John Hughes didn’t want to make sequels, and instead had a (sometimes expensive) way of keeping his audience interested in his movies.

Go through the filmography of the late, great John Hughes, and there are few examples of him being actively involved in sequels to his movies. He certainly never directed a follow-up, and as a writer, all you’re getting in terms of sequels are three films across his extensive career. He penned the scripts for Home Alone 2, National Lampoon’s Christmas Vacation (although he skipped the second film in that series, and every other entry in the franchise thereafter) and Home Alone 3.


It’s not that studios weren’t pushing him to more obvious, commercial fare. But he knew what he was doing. He steadfastly refused to move to Los Angeles, staying in his native Chicago, but come the end of the 1980s, the studios pressure was not letting up. As he told interviewer Patrick McGilligan, “my old demographics [the teen movies with which he made his name] had dwindled; there wasn’t really an audience for the kind of stuff I used to do at the point”.

With people pushing him to make a film with a  movie star in it, he went the other way and wrote a script with a nine-year old kid at its heart. Home Alone ended up being the biggest hit of his career.

But going back to the extensive interview that McGilligan conducted with Hughes, published in the book Backstory 5, the filmmaker talks candidly about the plan to build his audience up. Not through follow-ups and franchises, but by being prolific and employing some guerrilla tactics. As such, throughout the 1980s, there was a regular procession of films that Hughes either wrote, or directed, or both.

“I had a very particular strategy for the timing of those movies, which I kind of had to educate the studios about. I told them ‘I’m gonna grow an audience’, which they didn’t think I could do, but I did it”.

It’s little secret that Hughes and movie studios didn’t always get on, with development deals with both Paramount and Universal ending early with no shortage of fractious rumours of disagreements. But Hughes’ early strategy worked a treat.

His plan was this. “First of all, I tried to line up the release of each new movie with the video release of the previous one. That way, the first one might not do so well a the box office, but people would become familiar with it by the time the second came out, and so on. That’s why my movies would come out ever six months or so, and it you look, you’ll see that the grosses steadily increased with each one”.

Here’s how that period panned out from May 1984 to February 1988, when the strategy was in full flow. This is all based on US box office and release dates, which is what Hughes was discussing in the interview.

May 1984:  Sixteen Candles ($23.7m)

February 1985:  The Breakfast Club ($45.9m)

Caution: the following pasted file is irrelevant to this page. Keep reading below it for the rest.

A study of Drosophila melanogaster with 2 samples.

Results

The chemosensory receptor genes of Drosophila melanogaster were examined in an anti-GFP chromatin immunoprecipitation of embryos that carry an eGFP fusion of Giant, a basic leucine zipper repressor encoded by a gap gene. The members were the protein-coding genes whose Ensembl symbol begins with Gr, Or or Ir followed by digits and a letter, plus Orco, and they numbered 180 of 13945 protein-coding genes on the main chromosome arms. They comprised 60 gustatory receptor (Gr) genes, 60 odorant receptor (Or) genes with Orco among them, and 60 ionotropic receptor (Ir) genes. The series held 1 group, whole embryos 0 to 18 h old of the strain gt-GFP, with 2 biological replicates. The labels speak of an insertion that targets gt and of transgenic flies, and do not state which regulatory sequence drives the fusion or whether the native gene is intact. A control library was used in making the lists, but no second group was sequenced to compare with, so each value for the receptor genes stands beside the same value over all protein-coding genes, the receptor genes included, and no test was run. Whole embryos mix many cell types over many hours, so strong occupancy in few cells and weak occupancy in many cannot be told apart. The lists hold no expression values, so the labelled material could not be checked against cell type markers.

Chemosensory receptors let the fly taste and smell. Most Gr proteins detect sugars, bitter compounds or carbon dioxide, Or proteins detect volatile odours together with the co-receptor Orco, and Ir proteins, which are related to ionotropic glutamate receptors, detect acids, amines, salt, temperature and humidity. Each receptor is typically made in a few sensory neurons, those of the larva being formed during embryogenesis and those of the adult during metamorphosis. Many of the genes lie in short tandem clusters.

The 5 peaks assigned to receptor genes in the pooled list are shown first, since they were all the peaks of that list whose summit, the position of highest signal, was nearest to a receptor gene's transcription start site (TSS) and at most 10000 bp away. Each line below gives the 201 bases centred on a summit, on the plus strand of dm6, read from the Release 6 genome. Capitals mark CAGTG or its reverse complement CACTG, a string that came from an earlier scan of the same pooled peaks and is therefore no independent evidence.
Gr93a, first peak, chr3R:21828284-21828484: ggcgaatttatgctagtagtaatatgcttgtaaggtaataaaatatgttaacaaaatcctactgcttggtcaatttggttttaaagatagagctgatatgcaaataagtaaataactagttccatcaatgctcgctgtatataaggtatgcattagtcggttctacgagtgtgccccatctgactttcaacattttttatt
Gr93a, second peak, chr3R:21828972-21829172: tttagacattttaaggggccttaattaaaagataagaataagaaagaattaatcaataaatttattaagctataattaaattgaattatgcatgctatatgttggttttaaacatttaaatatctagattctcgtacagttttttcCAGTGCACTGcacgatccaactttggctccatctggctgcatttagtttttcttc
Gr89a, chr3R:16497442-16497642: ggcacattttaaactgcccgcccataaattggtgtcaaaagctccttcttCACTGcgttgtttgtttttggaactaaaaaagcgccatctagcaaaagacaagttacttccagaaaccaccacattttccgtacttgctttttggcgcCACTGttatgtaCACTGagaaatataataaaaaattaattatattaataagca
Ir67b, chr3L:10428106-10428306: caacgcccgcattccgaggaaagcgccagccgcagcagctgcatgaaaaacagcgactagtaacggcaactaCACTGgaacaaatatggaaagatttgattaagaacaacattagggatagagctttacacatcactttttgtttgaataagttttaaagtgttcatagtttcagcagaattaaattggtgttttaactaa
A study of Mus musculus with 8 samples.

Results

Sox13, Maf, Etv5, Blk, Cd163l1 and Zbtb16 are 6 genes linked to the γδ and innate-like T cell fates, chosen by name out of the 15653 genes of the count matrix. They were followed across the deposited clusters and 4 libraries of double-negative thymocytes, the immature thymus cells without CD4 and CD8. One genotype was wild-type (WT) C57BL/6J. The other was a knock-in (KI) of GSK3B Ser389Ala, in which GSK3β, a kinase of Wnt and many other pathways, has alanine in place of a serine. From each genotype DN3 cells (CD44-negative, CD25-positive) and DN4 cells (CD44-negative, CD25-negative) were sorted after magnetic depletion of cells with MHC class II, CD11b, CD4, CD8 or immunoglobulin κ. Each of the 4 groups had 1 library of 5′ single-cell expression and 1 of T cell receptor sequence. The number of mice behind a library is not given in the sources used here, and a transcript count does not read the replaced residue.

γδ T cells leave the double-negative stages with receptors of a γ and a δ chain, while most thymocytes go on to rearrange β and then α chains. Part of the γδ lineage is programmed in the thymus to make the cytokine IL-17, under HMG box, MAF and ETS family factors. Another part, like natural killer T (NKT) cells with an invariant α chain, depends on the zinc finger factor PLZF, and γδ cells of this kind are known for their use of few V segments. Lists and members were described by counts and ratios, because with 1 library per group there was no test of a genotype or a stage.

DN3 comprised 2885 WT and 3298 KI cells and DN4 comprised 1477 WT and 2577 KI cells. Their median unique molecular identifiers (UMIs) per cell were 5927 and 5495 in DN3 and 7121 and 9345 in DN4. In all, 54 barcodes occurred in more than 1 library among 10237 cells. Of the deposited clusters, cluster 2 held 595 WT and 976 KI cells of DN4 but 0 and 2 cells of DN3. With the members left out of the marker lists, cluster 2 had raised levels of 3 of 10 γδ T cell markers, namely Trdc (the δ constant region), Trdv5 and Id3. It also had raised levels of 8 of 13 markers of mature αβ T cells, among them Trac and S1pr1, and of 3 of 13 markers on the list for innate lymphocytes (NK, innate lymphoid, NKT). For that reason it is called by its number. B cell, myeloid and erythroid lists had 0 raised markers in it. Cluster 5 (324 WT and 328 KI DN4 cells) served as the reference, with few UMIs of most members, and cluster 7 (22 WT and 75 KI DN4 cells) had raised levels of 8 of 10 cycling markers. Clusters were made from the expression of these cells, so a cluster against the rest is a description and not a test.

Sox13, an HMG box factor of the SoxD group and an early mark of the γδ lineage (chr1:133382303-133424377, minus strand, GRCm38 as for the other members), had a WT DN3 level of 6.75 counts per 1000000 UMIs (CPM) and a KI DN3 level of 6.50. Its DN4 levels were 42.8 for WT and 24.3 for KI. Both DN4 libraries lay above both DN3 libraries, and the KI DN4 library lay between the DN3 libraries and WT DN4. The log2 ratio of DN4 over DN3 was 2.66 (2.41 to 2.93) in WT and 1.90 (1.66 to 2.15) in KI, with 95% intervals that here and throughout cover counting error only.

August 1985:  Weird Science ($16.3m)

February 1986:  Pretty In Pink ($40.4m)

June 1986:  Ferris Bueller’s Day Off ($70.1m)

February 1987:  Some Kind Of Wonderful ($18.6m)

November 1987:  Planes, Trains & Automobiles ($49.5m)

February 1988:  She’s Having A Baby ($16.0m)

It’s not a uniform curve clearly (not least because I’ve not actually drawn a graph), but there’s notable method to what Hughes said. In particular, it’s worth recognising how the reputation of both Some Kind Of Wonderful and Weird Science, that offered the lower end of box office returns in this run, benefitted heavily in the end from a video audience.

But there was a second part to Hughes’ audience plan. Not just to grow it, but also to look after it.

As he explained, “you know how, when you’re a kid, you love it when you get mail? You feel important, like someone’s paying attention to you. Well, we used to do that”.

As such, whenever anyone wrote a fan letter to one of the cast of a John Hughes teen picture, their names and addresses would in turn get added to a mailing list (again, this is in the US). Then, every time a new movie came out, they’d mail our “huge packages” to the fans on the list, “kind like what Disney does now – posters, rolls of stickers, all sorts of neat stuff”.

For Ferris Bueller’s Day Off, those on the mailing list got a particular treat too when they received the only official record that was made at the time for the movie (releases have followed in Japan, and from the wonderful LaLaLand Records in more recent times). “A&M [the record company] was very angry with me over that; they begged me to put one out, but I thought ‘who’d want all of those songs’”.

Arguing that the mix of contemporary and older music would make too odd a bit for an album, he instead put together a seven inch vinyl with two songs that he happened to own the rights to. ‘Beat City’ by The Flowerpot Men was on one side, he couldn’t recollect the other. It appears, from this listing, to be ‘Blue Room’, and that post also adds that the record was given away at early screenings too.

This was by the sounds of it the most expensive fan package he’d put together, and each mailing was costing $30. By this stage, in the middle of 1986, there were 100,000 names on the mailing list, yet at a cost of $3m, they each received a record. “It was a labour of love”, Hughes explained. “I cared about my audience and I cared about these movies”.

Hughes, as has been well covered, would fall out of love with Hollywood, and I’ve covered the story of his studio deals ending here. But his approach, and his caring for fans, bottled something that many studios have tried to capture since, with varying levels of success. Can you just imagine John Hughes in the Comic-Con era?

He certainly wasn’t the first to care and look after a fan base and wouldn’t be the last. But there are few better examples in the 1980s of a filmmaker being so in tune with his audience, I’d argue.